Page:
What was scheduled as a “debate” for mayoral candidates instead offered Sicamous residents some insight into the job, the workings of the district and how its relationship with the regional district needs work.
It was a full house at the Sicamous Seniors Centre Tuesday night, Oct. 4, with people attending the last of four council all-candidate forums hosted by the Sicamous Chamber of Commerce. Following an afternoon forum for those vying for the job of councillor, the community’s five mayoral hopefuls, Colleen Anderson, Brenda Dalzell, Larry Emery, incumbent Terry Rysz and Mike Sheehan, sat front and centre to take questions.
After introductions, the first question of the night had to do with facilities in Sicamous manged by the Columbia Shuswap Regional District (CSRD), and related issues of local concern. Candidates were asked how they would “repair the situation.”
Sheehan said if elected, and if it’s what the public wants, he would work towards getting the district control of the CSRD-owned Sicamous and District Recreation Centre.
“I know everybody here or a majority of people here would like the district to take over the ice rink,” said Sheehan.
Emery too thought the community should be running the arena, though admitted to not knowing the whole story about the relationship between Sicamous and the CSRD.
Rysz, the District of Sicamous’ representative at the CSRD board, described that relationship as having some “complications,” noting the district spends $330,000 to support the rec centre. Rysz said the district has no say in programming at the rec centre and that is “totally unacceptable.”
Anderson said there’s more to the story, and “the story is steep.”
“It’s not as simple as having issues with the recreation centre alone,” said Anderson, adding the district’s relationship with the CSRD will need to be a priority for the new council “because we need each other.”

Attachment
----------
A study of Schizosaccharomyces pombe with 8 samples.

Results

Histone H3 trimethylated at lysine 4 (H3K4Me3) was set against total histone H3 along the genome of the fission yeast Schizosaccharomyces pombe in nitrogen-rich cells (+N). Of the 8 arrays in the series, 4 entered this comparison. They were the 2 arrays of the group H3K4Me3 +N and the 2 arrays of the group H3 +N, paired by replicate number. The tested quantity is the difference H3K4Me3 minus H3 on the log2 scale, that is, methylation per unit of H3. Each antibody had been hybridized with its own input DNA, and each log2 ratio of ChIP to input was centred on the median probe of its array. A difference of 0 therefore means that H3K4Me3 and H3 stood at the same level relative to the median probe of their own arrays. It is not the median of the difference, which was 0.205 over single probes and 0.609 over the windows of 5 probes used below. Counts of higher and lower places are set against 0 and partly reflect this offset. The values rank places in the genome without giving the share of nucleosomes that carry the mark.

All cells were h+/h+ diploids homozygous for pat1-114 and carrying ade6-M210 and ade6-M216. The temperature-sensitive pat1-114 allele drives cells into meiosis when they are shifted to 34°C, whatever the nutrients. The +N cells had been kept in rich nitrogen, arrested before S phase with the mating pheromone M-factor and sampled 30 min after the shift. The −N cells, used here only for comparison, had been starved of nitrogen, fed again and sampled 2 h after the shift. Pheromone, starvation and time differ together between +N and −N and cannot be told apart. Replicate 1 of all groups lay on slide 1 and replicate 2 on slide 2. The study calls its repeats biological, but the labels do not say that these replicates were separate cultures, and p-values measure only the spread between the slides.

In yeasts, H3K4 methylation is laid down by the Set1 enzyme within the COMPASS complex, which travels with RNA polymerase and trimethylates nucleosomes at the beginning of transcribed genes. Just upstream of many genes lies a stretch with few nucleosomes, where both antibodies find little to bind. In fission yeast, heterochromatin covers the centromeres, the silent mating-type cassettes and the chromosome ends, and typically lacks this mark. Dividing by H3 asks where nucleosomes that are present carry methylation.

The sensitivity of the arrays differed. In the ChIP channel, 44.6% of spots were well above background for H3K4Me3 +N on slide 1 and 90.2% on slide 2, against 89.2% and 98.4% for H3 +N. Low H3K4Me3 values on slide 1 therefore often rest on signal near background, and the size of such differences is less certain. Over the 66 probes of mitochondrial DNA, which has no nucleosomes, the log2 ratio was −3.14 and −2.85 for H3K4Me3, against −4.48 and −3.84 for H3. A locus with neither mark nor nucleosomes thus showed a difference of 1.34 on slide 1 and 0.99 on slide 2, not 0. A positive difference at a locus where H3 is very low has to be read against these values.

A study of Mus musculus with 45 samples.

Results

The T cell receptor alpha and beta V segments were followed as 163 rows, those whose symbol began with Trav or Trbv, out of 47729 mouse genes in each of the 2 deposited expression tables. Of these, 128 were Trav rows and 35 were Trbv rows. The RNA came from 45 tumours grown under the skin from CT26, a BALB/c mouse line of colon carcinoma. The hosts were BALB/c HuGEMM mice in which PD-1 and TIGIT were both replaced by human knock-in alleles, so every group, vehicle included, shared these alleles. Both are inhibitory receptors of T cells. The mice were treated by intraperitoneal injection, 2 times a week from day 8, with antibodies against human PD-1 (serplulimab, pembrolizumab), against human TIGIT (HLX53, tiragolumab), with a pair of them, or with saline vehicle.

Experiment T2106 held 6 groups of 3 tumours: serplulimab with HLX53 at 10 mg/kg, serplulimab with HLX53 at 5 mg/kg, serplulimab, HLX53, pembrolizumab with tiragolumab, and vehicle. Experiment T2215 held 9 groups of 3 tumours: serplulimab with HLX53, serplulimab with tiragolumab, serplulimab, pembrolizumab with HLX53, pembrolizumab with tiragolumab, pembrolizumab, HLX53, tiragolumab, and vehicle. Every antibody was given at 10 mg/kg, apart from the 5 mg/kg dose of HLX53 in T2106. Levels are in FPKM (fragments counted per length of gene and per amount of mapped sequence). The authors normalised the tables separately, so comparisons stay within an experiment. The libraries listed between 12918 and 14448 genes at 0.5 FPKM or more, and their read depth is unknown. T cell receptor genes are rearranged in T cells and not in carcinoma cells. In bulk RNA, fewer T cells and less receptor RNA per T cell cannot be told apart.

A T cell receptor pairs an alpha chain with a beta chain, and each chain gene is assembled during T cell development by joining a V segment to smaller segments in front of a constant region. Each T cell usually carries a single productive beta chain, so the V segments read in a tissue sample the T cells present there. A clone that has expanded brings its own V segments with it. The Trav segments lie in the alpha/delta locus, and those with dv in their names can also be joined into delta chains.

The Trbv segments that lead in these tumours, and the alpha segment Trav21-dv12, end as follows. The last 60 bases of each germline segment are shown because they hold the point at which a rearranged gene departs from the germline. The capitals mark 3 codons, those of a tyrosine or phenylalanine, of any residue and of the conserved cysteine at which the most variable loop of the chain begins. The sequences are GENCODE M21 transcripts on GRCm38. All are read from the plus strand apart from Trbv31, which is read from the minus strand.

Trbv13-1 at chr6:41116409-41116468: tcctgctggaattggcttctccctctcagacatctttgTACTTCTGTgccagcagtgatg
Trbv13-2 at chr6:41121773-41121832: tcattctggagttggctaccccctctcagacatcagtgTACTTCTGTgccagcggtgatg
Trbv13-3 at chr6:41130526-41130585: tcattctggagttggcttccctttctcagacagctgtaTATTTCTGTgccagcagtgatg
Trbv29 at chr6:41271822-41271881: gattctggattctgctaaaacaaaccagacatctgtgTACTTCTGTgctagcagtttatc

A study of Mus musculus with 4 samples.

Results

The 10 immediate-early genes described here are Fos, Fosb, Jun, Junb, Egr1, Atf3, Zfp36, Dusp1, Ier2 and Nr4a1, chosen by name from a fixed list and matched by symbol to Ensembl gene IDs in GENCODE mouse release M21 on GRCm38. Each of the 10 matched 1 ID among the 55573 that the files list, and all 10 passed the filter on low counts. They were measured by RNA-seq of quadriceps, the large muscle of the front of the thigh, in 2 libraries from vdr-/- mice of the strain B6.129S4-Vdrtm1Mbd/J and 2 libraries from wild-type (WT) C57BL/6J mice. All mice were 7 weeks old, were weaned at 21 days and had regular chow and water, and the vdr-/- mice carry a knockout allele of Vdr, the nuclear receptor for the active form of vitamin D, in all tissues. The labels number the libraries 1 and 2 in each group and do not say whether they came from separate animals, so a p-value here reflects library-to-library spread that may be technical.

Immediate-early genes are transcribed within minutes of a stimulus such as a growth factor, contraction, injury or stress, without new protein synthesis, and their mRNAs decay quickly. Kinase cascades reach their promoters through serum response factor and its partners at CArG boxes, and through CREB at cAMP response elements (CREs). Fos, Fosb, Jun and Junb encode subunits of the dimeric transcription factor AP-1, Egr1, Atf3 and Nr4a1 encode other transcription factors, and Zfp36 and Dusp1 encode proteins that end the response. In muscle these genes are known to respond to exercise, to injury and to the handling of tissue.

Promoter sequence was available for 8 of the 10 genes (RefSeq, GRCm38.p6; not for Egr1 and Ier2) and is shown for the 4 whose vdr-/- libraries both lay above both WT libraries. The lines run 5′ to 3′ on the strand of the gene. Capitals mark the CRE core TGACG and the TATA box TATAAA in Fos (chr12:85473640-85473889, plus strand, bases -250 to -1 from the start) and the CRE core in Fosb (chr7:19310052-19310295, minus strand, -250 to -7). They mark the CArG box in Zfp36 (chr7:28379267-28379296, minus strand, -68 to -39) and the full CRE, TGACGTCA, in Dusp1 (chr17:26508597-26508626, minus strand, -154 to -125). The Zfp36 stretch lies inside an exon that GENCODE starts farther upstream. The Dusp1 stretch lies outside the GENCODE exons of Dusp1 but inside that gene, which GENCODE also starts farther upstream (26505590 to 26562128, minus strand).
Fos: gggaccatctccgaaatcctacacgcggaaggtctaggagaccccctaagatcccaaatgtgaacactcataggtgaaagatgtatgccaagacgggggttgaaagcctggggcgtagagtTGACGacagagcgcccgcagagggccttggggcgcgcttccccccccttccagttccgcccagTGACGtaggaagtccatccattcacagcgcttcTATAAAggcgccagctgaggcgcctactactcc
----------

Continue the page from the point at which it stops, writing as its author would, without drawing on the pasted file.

Another question for candidates had to do with projects the district is invested in such as the Eagles Nest housing facility, the Little Bears day care, the medical centre and the planned healing centre, which have “taxpayers asking questions about fiscal responsibility.” Candidates were asked how they’d respond.
“I’m going to say I would need to take a look exactly at what’s been laid out, the fiscal and operating costs of all these different projects,” said Dalzell. “Are they making us money… Are they providing the right service? Are we taking advantage of every opportunity that’s available to incur income? As a taxpayer myself I’m curious about that and I believe that listening to what your concerns are first, and then being able to address those particular concerns, is likely the way I would approach that.”
Sheehan said if elected, he’d put a temporary hold on things.
“If I’m elected mayor, I’m going to stop everything temporarily for at least a month until we get all the facts figured out, what our costs are into the program, what… do we get out of the program, and then I’m going to ask you guys what you want to do,” said Sheehan.
Anderson stressed the projects mentioned were pursued at the request of the community.
“We’re not running out there like a bunch of mad councillors and finding things to spend your money on…There’s a lot of projects that are not council driven, they are community driven. Let’s not lose sight of that,” said Anderson.
While answering this question, Rysz said one of the problems he sees is that there are too many in-camera meetings, “too many confidential meetings” at the district. He noted discussions on anything to do with land, legal issues or labour are in-camera as per B.C.’s Community Charter.
“Once we have those conversations, we have to release them from in-camera so you know what the hell is going on,” said Rysz. “Really, too many in-camera meetings. I realize that. It’s a mistake that we’ve made and we’ve got to correct that.”
Another question to candidates had to do with staff turnover at the district. To this, Emery made reference to former Sicamous chief administrative officer (CAO) Evan Parliament.
“Our CAO, he left in a hurry and nobody knows why,” said Emery. “None of the public does, a lot of the public would like to know why and how much was his settlement when he left?”
Rysz responded, again referencing the Community Charter.
“That was a confidential conversation that we had with the CAO… It was confidential for a lot of reasons, so he was also protected in this particular conversation and that’s his right,” said Rysz.
Towards the end of the debate, candidates were asked how they felt council did over the last four years. Candidates, in their answers, sustained the civil, respectful tone present from the beginning of the forum.
Sheehan said he thought council did a really good job but, “I don’t think they did enough.”
Rysz and Anderson, who have served the past two terms as mayor and councillor, respectively, spoke positively about council as a whole and what it has accomplished.
Emery too said council did a good job, but there is still need for “good paying jobs for people that want to move here and live here and grow their families here.”